Guidelines: Book Reviews

Professional Book Review

Writing a book review is an important service, of an importance similar to that of peer reviewing manuscripts submitted for publication. A professional book review goes beyond simply summarizing the book’s content. Rather, it is a critical peer evaluation that can affect the way in which colleagues regard the book, influence others’ decisions to read the book, and therefore, ultimately, help determine its contribution to the field.

Recommended word length
Approximately 1000 words (not including references).

Review Elements

  • Provide full bibliographic details of the book. This should include: author, title, edition, publisher, place of publication, and year of publication.
  • Prepare a brief description of the contents of the book. This description may include:
    • The subject of the book and general body of psychological knowledge to which it belongs;
    • The thesis of the book (i.e., author(s)’ beliefs, philosophy, or propositions);
    • The intended audience;
    • The author(s) purpose in writing the book;
    • A brief definition of the book’s scope (i.e., does it provide a comprehensive overview or a detailed analysis of the subject matter?);
    • A brief description of the structure of the book, including a reference to the author(s) writing style (e.g., formal or informal, professional or non-professional), and if there are several authors, the way in which the various contributions are integrated;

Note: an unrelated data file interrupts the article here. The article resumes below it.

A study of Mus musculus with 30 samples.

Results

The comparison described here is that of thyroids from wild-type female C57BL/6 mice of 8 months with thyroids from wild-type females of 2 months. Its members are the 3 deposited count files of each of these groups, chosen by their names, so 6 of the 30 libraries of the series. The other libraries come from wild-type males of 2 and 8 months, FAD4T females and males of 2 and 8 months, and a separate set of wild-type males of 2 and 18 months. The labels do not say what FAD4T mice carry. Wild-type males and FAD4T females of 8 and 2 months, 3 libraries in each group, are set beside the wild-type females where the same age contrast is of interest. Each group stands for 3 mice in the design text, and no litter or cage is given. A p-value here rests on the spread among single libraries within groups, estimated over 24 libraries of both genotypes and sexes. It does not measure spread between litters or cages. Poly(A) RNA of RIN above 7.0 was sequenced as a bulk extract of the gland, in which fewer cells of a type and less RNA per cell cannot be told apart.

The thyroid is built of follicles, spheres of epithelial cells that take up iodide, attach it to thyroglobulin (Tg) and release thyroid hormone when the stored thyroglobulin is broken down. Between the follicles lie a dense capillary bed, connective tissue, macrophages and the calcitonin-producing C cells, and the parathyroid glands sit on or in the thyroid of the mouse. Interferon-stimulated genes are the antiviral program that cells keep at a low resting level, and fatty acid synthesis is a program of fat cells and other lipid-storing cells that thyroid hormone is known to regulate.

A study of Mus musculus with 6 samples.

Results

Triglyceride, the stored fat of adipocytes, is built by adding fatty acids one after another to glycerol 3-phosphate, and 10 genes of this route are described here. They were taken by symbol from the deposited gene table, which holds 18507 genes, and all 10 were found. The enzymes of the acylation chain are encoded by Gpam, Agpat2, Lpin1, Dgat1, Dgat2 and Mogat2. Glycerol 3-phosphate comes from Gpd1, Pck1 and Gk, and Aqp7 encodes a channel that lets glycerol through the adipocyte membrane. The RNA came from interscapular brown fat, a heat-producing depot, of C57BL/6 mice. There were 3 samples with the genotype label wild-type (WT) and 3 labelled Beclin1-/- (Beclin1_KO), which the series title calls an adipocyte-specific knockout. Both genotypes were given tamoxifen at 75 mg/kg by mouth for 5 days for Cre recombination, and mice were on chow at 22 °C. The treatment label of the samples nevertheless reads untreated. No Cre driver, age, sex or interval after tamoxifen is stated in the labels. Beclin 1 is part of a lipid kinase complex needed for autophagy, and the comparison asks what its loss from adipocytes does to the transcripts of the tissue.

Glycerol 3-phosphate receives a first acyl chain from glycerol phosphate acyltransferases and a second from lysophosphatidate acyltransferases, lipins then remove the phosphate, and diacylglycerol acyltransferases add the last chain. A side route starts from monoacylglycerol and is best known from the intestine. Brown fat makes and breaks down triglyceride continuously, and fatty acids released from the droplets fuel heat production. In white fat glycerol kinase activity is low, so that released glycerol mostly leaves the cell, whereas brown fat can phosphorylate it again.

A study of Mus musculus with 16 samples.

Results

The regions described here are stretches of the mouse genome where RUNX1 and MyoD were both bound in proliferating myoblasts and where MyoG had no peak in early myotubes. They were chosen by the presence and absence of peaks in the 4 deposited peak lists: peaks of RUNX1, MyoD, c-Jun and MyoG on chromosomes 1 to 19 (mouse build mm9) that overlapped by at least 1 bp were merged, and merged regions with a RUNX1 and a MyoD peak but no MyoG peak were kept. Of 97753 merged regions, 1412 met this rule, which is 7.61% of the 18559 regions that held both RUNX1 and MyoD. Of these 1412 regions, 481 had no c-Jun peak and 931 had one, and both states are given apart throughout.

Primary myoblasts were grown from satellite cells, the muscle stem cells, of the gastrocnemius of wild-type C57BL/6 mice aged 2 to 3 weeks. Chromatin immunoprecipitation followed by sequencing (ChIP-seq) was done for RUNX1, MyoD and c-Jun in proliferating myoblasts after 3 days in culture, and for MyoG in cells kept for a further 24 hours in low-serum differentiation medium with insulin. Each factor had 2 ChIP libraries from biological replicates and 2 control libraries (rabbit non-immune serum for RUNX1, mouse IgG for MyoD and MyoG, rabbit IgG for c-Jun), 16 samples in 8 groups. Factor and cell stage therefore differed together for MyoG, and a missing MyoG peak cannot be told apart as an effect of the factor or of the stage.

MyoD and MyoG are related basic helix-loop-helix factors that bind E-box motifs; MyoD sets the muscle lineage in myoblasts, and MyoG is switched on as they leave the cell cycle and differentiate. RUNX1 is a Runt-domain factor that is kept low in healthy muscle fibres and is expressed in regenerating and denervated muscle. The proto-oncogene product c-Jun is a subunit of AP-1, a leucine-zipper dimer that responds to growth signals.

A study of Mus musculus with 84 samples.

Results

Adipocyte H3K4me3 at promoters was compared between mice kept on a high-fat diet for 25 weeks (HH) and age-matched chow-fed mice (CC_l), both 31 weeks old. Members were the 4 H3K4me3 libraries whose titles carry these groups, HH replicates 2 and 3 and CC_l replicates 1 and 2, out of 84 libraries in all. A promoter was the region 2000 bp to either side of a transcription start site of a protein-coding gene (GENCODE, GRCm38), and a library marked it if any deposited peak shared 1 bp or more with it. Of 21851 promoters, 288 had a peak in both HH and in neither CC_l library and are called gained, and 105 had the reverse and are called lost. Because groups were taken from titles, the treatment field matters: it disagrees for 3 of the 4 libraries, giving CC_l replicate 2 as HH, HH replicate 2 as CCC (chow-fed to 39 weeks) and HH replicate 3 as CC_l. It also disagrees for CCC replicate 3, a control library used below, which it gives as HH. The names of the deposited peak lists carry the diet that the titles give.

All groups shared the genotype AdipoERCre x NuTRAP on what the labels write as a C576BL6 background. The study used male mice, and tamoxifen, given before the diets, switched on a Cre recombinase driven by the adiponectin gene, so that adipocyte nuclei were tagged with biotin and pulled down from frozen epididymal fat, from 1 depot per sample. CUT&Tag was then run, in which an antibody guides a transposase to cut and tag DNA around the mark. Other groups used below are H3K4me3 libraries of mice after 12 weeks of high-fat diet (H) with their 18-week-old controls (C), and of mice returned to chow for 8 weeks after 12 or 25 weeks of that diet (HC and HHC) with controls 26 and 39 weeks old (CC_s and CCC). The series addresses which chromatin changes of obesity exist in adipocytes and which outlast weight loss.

• A brief summary of the contents;
  • Include a brief description of the impact of the book:
    • Describe the author(s)’ authority (i.e., what particular credentials and expertise do they have to write about the subject?);
    • Does the author(s) display any particular point of view or biases?
    • What are the strengths and weaknesses of the book?
    • Is the subject matter of the book and author(s) writing style appropriate for the intended audience?
    • Did the author(s) achieve their stated objectives?
    • Does the book have any particular features (e.g., illustrations, references, subject index, case studies) and how effectively are these features used?
  • Does the book make a valuable and or unique contribution to the body of HAI knowledge? If in your judgment as reviewer it does, support your claim with evidence (e.g., examples from the book and or other suitable references). Similarly, evidence should be provided if in your assessment the book does not make a valuable contribution.
    • Final assessment of the book.
    • Do you recommend that your HAI colleagues buy this book? Would you buy this book?